CAPE ELIZABETH — A plan to borrow $1.4 million to upgrade the town’s solid waste transfer station is set to go before the Town Council on Monday and to voters on June 14.

The plan would replace the use of the existing compactor building, where residents toss trash into a large, below-ground-level hopper, with several smaller, drive-by compactors for either household or recyclable waste. The smaller compactors would be outdoors and easily accessible along three one-way lanes.

The recommended redesign would make the 37-year-old transfer station safer, more accessible, more efficient and more economical, said Councilor Jessica Sullivan, chairwoman of the Solid Waste and Recycling Long-Range Planning Committee.

“It’s really going to better serve all age groups, particularly our older residents,” Sullivan said. “The satellite compactors have a low opening that will make them much easier for everyone to use and people won’t have to lug their trash so far.”

The committee developed the $1.4 million plan following a November 2014 accident that killed 79-year-old Herbert Dennison. He was in the compactor building, throwing trash into the hopper, when a vehicle driven by 72-year-old Christine Sharp-Lopez backed into Dennison and pushed him into the hopper, which wasn’t operating at the time.

After the accident, the town changed the traffic pattern at the transfer station to eliminate backing up to the compactor and required residents to carry trash into the building. The town also accelerated its effort to address known safety concerns at the transfer station and appointed the ad hoc committee to recommend an improvement plan.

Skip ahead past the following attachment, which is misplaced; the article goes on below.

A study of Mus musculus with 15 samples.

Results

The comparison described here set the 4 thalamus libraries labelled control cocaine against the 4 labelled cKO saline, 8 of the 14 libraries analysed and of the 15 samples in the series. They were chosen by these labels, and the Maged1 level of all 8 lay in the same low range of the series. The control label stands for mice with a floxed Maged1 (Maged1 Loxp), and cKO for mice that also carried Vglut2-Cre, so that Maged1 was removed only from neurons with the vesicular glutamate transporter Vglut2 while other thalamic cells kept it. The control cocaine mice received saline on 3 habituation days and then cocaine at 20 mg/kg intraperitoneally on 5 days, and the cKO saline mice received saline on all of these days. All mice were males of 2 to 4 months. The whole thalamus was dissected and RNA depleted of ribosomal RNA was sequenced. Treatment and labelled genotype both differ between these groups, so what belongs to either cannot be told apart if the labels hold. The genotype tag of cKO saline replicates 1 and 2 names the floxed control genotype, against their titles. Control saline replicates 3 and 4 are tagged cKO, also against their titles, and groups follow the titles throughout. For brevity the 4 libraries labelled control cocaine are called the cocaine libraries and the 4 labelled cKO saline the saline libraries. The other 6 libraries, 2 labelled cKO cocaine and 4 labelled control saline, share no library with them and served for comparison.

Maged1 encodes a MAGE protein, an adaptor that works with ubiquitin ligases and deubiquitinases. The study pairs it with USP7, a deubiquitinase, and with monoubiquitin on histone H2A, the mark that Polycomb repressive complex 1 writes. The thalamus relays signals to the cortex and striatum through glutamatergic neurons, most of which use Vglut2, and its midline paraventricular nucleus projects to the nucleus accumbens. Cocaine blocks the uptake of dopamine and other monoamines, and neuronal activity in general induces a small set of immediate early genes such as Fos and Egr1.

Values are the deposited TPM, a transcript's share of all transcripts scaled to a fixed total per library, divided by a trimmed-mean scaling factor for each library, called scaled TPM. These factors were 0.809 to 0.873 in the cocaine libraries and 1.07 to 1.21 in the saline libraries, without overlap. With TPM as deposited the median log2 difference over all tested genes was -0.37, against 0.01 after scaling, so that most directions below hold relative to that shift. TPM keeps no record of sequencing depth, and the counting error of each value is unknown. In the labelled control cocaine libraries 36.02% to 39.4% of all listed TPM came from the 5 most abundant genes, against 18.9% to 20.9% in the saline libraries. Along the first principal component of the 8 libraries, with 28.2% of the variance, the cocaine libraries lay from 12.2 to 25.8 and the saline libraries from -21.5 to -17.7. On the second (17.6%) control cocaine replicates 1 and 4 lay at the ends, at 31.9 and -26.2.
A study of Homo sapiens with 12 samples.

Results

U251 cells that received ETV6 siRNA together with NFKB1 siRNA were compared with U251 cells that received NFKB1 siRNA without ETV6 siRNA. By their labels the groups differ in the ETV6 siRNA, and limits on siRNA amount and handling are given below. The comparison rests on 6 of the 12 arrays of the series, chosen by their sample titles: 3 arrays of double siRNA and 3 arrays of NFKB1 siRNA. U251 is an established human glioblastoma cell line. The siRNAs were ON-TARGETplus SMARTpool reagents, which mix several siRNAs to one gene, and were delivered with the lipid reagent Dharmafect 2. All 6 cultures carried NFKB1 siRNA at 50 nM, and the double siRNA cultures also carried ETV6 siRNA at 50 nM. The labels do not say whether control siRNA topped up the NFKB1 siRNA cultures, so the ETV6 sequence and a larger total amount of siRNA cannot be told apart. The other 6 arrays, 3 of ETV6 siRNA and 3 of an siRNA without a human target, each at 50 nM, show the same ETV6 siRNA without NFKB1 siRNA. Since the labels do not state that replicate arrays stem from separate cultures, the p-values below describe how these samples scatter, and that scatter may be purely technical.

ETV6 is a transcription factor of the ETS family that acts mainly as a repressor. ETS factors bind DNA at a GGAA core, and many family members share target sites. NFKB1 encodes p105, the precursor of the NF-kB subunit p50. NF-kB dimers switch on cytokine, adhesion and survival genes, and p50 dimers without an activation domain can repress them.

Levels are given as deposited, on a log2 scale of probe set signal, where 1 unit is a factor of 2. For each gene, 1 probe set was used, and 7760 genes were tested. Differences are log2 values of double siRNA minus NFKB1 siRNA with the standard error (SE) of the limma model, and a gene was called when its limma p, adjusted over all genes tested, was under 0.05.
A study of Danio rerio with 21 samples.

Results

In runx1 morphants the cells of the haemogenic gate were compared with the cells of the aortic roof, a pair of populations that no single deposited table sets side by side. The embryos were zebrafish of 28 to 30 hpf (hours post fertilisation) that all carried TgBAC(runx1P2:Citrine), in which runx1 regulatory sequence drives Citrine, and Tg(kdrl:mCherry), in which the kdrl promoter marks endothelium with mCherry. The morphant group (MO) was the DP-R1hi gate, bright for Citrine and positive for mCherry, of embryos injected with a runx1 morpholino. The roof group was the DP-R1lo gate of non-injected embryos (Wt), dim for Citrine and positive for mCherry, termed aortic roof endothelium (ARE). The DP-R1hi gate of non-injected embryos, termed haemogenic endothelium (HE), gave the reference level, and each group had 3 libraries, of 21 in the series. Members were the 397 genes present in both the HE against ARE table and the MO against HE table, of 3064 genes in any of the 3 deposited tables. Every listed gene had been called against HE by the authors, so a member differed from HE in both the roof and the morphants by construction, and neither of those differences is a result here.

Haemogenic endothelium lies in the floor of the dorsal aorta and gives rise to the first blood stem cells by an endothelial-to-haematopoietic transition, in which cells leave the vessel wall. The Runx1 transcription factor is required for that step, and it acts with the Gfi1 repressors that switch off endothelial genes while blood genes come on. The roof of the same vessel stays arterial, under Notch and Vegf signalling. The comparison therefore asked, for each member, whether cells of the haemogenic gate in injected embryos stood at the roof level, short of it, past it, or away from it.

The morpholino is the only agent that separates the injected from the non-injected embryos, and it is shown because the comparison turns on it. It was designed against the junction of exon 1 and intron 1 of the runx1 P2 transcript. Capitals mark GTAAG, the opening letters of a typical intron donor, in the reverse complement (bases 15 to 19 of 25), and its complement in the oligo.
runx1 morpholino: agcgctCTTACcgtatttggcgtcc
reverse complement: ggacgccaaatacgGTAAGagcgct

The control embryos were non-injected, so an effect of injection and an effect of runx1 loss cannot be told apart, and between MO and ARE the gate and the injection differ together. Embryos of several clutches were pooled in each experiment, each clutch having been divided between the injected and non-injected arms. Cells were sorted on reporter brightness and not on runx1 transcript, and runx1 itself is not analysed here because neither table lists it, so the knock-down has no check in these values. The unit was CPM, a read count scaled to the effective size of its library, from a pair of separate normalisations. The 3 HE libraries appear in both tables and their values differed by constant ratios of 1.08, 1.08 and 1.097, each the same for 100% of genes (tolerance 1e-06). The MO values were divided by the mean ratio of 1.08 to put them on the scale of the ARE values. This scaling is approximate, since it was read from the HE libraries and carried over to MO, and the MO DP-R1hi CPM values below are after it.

If voters approve the $1.4 million bond issue, construction would start in early 2017, said Town Manager Mike McGovern.

In the committee’s report, the town’s engineering firm estimated that the cost of improvements would be $1.3 million, with an annual operating budget of about $590,000, including capital payments. The refuse and recycling budget for the current year is about $487,000.

The committee also considered leaving the transfer station as is and making only necessary repairs to the compactor building, which could cost about $575,000 annually.

Implementing a curbside trash and recycling collection program, which doesn’t have much support according to a recent town survey, would cost about $775,000 annually.

The council voted 6-1 on Jan. 4 to adopt the $1.4 million plan and authorize the town manager to develop a bond issue and ballot question. The town charter requires voter approval of capital expenditures over $1 million. The $1.4 million includes bond-issuing fees and other costs.

Councilor Sullivan noted that the smaller outdoor compactors would crush household and recyclable waste so much more effectively that they would reduce the overall volume of waste and save the town about $50,000 per year in hauling costs to the ecomaine solid waste plant in Portland.

The plan also calls for a bypass lane for residents who want to use other services at the transfer station. Traffic islands would separate vehicles heading for the bottle shed or the swap shop, where residents can trade gently used and collectible items.

The compactor building would be re-purposed as a collection site for electronic and universal waste, as well as for offices and the town’s radio communications system.

Also Monday, the council will consider borrowing $700,000 for improvements to the Donald Richards Community Pool.